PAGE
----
On Tuesday, a group of 82 left-wing groups – labor unions, activists and think tanks – heaped fawning praise on President Joe Biden and Vice President Kamala Harris for imposing a radical economic agenda on the country through the American Rescue Plan Act.
Still, it was not enough, the groups said in a letter. They demanded – as tiresome liberal rhetoric always does – that we must start “making the rich and corporations pay their fair share.”
The problem, of course, is that the rich already pay more than everyone else. As the National Taxpayers Union notes, the “1-percenters” pay 40 percent of all federal income taxes, the top 5 percent of earners pay another 20 percent, and the next 5 percent chip in another 11 percent.
Stated differently, the top 10 percent in earners – people who make more than $150,000 a year – pay 71 percent of all federal income taxes.
To fix this “inequality,” the 82 pro-Biden groups want Biden to increase the top marginal tax rate, raise corporate tax rates, tax offshore income, and boos the estate tax.
Among other “sensible tax reform proposals,” Biden should entertain a 10 percent surtax on income above $2 million, a “tiny” tax on stock transactions, and a new wealth tax on “ultra-millionaires.”
These pro-Marxists insist these programs are popular, even with “rank-and-file” Republicans. Citing one survey, they wrote, “Few issues generated broader, more intense support than raising taxes on those earning over $400,000 a year and closing tax loopholes for big corporations.”
But on Tuesday, Reason magazine noted Americans are fond of billionaires – perhaps because they may need them to pay for ridiculous tax gouging like these 82 lefty groups propose, as that will surely trickle down to the middle class if Biden enacts it.
Citing a survey by the liberal website Vox and a group called Data for Progress, the libertarian magazine noted, “In what may have been something of a disappointment, Americans overwhelmingly rejected far-left rhetoric about wealth, tech companies, and the place of billionaires in society.”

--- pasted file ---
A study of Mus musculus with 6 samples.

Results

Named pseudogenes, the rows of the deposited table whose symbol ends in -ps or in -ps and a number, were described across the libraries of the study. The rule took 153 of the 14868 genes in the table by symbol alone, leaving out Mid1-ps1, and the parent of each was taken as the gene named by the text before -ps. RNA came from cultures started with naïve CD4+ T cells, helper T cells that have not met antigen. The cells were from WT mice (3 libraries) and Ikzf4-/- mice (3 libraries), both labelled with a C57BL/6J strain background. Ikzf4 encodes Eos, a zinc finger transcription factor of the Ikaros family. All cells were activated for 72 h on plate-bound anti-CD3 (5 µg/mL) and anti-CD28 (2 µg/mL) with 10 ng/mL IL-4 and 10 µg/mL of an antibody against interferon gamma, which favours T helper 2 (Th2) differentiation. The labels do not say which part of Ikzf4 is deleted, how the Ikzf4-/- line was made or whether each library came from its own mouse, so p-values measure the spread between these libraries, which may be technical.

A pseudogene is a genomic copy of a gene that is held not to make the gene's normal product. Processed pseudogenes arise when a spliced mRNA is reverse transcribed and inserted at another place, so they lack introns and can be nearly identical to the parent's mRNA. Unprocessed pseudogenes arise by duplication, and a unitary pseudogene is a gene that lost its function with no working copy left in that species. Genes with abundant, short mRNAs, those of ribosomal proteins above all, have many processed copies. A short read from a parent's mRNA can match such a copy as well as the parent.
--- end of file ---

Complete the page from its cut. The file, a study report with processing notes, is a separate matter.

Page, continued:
By a margin of 47-33, respondents said billionaires do a “good job” of giving away money to charity, and by a 54-28 spread, rejected the idea that billionaires are a threat to democracy.
Interestingly, the group with the warmest feeling for billionaires was black Americans. Forty-five percent of blacks held a positive view of the super-wealthy, compared to 38 percent of Hispanics and 34 percent of whites.
It wasn’t all good news for the uber-wealthy. Seventy-two percent of those surveyed said it was “unfair” that billionaires got wealthier during the pandemic, and by a 52-38 margin, they said it was better to solve problems by raising taxes on billionaires than encouraging them to give away their money.
On that latter point, 68 percent of Democrats wanted higher taxes on the billionaires club, while only 36 percent of Republicans agreed.
Margaret Thatcher, the late British prime minister, once said, “The trouble with Socialism is that eventually, you run out of other people’s money.”
Hand it to Democrats: They’re damned determined to prove Thatcher wrong.